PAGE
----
Learn Important Probate Essentials, including key things that go wrong in an estate, how to prevent them, and what to do if they happen.
In part one of this series, we looked at the implications when the deceased leaves a last will and testament. In this second part, we will discuss the differences when there is no last will and testament.
Without a Will
When no will is left by the deceased, it will often require more coordination and cooperation by the heirs at the outset of the estate to ensure that things move along smoothly. For example, the default probate law in Georgia is that an administrator must post a bond, must file inventories and annual returns, and must seek probate court approval for most actions to settle the estate, such as selling or disposing of estate property. If all heirs agree, any or all of these requirements may be waived, which will cause the estate to be settled more quickly assuming the administrator is working aggressively and has professional help.
In addition, the heirs must select someone to serve as administrator of the estate. While Georgia probate law provides a priority list for who may qualify, the probate court will still carefully consider the votes of the heirs (in the event the selection is not unanimous). The fact that the heirs must select an administrator is an opportunity for conflict that is the cause for many estate disputes.
When it comes to distributions and who in the family is entitled to receive what from the estate, the administrator has no choice but to follow the distribution schedule set by Georgia probate law. As a result, the administrator must make distributions to the heirs, and may not make any distributions to a non-heir unless there is a valid creditor claim. For example, if the deceased left a wife and two children (adult or minor children), then the estate will be divided equally among them. It is important to note that if there are minor children involved in an estate of this type, the situation will become much more complicated because a conservatorship will likely need to be set up for the children’s portion of the estate. If the deceased did not have any immediate family, Georgia probate law provides extensive rules for determining who should inherit from the estate. As a result, contrary to popular belief, it is very rare that the deceased’s assets will escheat to the State of Georgia. That said, it is also common that family members are not happy with the distribution scheme required by Georgia law.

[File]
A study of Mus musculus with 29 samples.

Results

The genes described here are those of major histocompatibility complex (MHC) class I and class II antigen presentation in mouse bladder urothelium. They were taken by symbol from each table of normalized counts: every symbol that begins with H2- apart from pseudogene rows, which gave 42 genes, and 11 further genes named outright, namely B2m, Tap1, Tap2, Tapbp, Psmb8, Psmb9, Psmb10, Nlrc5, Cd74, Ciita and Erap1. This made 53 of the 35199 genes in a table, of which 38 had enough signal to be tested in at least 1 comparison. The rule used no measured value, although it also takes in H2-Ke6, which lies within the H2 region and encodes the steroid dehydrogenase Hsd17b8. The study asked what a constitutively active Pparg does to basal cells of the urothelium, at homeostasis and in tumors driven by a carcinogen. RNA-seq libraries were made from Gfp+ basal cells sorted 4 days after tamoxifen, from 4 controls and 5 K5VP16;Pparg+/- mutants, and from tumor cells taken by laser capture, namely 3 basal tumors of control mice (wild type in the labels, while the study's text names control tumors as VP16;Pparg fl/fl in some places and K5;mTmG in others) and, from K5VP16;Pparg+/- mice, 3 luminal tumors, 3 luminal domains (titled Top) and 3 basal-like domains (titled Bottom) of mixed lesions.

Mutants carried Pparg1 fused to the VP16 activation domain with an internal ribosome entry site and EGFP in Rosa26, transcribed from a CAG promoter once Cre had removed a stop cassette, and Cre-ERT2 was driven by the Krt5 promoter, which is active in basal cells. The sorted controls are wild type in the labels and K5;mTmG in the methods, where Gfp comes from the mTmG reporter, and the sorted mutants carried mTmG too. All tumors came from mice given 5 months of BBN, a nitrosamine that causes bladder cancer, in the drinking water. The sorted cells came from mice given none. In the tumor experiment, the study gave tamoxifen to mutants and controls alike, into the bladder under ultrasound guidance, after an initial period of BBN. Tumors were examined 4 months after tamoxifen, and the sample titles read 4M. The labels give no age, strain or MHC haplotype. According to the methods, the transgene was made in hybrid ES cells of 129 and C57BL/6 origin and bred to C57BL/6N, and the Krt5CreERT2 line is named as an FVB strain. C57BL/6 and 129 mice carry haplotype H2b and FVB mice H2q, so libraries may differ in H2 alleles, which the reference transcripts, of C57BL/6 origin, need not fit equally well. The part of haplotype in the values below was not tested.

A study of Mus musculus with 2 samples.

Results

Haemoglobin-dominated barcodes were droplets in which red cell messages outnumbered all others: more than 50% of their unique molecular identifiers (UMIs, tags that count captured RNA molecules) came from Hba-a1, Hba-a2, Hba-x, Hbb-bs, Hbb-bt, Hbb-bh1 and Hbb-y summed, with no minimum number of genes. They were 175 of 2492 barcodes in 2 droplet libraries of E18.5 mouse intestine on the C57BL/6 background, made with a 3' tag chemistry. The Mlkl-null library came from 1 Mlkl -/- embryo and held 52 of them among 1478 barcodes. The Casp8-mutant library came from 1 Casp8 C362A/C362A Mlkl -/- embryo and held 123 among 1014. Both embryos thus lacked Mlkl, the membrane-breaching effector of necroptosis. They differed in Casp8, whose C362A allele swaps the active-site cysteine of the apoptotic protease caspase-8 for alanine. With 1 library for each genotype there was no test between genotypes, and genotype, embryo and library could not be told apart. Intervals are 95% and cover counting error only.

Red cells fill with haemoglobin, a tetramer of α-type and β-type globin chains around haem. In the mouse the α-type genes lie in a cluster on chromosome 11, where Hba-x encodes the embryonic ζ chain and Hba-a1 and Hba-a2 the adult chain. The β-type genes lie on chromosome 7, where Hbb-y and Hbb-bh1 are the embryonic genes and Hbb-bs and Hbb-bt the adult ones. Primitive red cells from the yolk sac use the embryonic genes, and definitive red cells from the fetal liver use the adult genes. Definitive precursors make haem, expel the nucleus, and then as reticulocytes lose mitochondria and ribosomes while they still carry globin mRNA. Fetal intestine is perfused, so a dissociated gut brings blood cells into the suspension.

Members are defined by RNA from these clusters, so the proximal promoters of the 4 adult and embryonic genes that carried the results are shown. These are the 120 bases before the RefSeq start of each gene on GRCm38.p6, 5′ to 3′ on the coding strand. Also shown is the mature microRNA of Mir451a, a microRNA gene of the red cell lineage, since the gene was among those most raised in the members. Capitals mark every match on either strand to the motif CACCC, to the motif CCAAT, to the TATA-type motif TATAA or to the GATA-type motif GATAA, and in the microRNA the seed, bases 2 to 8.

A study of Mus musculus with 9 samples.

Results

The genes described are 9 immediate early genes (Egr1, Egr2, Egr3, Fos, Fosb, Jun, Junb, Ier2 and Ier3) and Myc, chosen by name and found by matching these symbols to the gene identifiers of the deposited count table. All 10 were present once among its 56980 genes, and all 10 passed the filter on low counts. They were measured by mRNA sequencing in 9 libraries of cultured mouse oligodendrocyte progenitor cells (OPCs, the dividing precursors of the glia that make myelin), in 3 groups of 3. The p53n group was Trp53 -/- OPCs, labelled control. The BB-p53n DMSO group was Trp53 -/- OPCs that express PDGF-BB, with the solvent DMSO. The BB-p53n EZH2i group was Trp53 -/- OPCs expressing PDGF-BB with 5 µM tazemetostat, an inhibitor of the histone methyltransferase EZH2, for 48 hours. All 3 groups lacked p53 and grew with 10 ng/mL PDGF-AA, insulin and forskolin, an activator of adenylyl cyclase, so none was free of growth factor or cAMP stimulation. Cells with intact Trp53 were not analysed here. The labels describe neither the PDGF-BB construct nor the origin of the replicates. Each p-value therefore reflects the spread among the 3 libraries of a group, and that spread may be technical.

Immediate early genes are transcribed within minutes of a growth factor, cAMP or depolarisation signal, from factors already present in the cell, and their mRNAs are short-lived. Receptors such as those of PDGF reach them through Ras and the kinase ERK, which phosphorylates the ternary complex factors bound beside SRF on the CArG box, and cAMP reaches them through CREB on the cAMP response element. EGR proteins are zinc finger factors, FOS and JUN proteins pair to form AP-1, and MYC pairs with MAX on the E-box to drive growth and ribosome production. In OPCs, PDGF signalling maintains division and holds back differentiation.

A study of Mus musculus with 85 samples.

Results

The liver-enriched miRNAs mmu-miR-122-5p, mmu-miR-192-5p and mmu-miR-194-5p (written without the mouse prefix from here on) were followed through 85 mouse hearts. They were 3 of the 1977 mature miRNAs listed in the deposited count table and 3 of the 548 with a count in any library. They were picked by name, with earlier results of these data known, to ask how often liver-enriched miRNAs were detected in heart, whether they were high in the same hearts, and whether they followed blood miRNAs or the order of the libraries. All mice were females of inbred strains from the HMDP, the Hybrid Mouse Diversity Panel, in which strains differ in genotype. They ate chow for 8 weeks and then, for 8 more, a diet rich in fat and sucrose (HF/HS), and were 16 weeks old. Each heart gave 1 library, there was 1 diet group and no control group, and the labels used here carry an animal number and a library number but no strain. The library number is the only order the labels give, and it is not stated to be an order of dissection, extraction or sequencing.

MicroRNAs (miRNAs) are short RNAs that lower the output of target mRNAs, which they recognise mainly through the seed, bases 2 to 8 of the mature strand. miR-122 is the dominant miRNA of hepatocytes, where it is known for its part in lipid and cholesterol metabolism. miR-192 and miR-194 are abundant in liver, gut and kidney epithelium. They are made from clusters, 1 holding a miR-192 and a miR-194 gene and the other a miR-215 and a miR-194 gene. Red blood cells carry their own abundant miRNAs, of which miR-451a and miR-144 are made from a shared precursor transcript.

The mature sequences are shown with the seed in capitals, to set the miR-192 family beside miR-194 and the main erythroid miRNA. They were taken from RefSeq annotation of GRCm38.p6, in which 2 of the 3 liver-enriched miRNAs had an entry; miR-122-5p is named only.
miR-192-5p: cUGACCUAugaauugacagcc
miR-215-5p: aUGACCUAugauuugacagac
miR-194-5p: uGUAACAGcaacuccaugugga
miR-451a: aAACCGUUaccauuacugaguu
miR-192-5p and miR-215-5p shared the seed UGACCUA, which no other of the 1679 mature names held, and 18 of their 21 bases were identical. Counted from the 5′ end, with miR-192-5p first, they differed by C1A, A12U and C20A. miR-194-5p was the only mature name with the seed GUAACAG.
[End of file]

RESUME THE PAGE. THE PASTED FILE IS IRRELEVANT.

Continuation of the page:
Unfortunately, after someone has passed away, there is nothing the survivors can do to change the answer to the question of “is there a last will and testament.” We must plan the hand we are dealt. Understanding some of the key differences, however, can help us to play that hand more effectively to make sure that things are handled in a way that complies with the law and also respects the deceased’s wishes.
Every estate is different. If you would like personal help with your loved one’s estate, please schedule a consultation with our team.
Disclaimer: The information above is provided for general information only and should not be considered legal advice. Legal advice is specifically tailored to your particular situation. Please contact our office to receive specific information advice about your situation.